The Development of Young Minds

Hannah Baker '17

Her project: Ms. Baker conducted a quartet of logic and reasoning experiments with children between the ages of two and five, documenting variations in responses by age and gender. Two of the experiments, involving coins arranged in various patterns and liquid presented in glasses of varying shapes, were based on the work of noted child development researcher Jean Piaget. The other two were original tests.

Notable finding from her report: “Experiment two…validated the results Piaget collected. The majority of his kids under the age of six pointed to the taller cup and said it had more in it. A child is swayed by the perceptual cue of height. The children under the age of six lack the conception of liquid quantity. They fail to realize one of the original cups was poured into another of a different size and no juice was added. There are no percentages online in terms of Piaget’ results, but our conclusions are identical.”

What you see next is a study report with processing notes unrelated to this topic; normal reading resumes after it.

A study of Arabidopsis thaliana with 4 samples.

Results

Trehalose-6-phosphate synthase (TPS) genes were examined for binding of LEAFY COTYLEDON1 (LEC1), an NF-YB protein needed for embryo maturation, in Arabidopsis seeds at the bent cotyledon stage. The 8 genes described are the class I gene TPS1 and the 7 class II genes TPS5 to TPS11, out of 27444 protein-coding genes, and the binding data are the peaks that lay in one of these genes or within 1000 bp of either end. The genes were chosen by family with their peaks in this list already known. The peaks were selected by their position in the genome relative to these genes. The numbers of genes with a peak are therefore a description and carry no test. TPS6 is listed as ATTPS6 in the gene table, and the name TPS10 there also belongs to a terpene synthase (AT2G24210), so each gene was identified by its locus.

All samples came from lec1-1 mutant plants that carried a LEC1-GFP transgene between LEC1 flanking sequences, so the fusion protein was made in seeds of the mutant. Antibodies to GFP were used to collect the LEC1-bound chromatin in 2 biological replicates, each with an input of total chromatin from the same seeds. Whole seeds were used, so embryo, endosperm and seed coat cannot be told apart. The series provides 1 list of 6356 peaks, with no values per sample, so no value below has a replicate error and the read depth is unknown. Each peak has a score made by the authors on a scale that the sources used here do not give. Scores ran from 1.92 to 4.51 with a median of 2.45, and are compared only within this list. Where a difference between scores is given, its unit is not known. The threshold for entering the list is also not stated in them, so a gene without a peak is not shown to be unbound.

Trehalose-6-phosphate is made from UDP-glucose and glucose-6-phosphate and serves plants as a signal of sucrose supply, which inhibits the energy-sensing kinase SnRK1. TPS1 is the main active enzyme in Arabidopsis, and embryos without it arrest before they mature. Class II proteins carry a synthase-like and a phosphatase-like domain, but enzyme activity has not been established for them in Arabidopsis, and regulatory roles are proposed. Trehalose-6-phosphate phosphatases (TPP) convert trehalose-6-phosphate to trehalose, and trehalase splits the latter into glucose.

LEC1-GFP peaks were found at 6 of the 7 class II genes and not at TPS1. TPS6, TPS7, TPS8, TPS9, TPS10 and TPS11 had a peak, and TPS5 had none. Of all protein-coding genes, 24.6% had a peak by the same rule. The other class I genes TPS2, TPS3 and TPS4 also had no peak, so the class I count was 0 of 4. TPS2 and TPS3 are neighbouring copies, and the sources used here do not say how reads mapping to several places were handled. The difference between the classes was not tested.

Biggest challenge: “The last two experiments, because the first two I found online so my results validated what was actually out there. The other two were my own. Another big thing was getting the kids to tell me why they thought something. A lot of them struggled to tell me their justification because they are so young.”

Surprising discovery: “I had a set of twins, one a girl and one a boy, and a lot of studies show that a girl’s mind develops quicker than a boy’s, and that showed with one experiment. The girl realized that both rows of coins had the same amount, whereas the boy thought when I moved them that there was more in the second row.”

Tip for future scholars: “Pick something that you love because you are going to be working on it for the entire trimester. I picked my project because I love working with kids, and I know I want to be a pediatric nurse in the future.”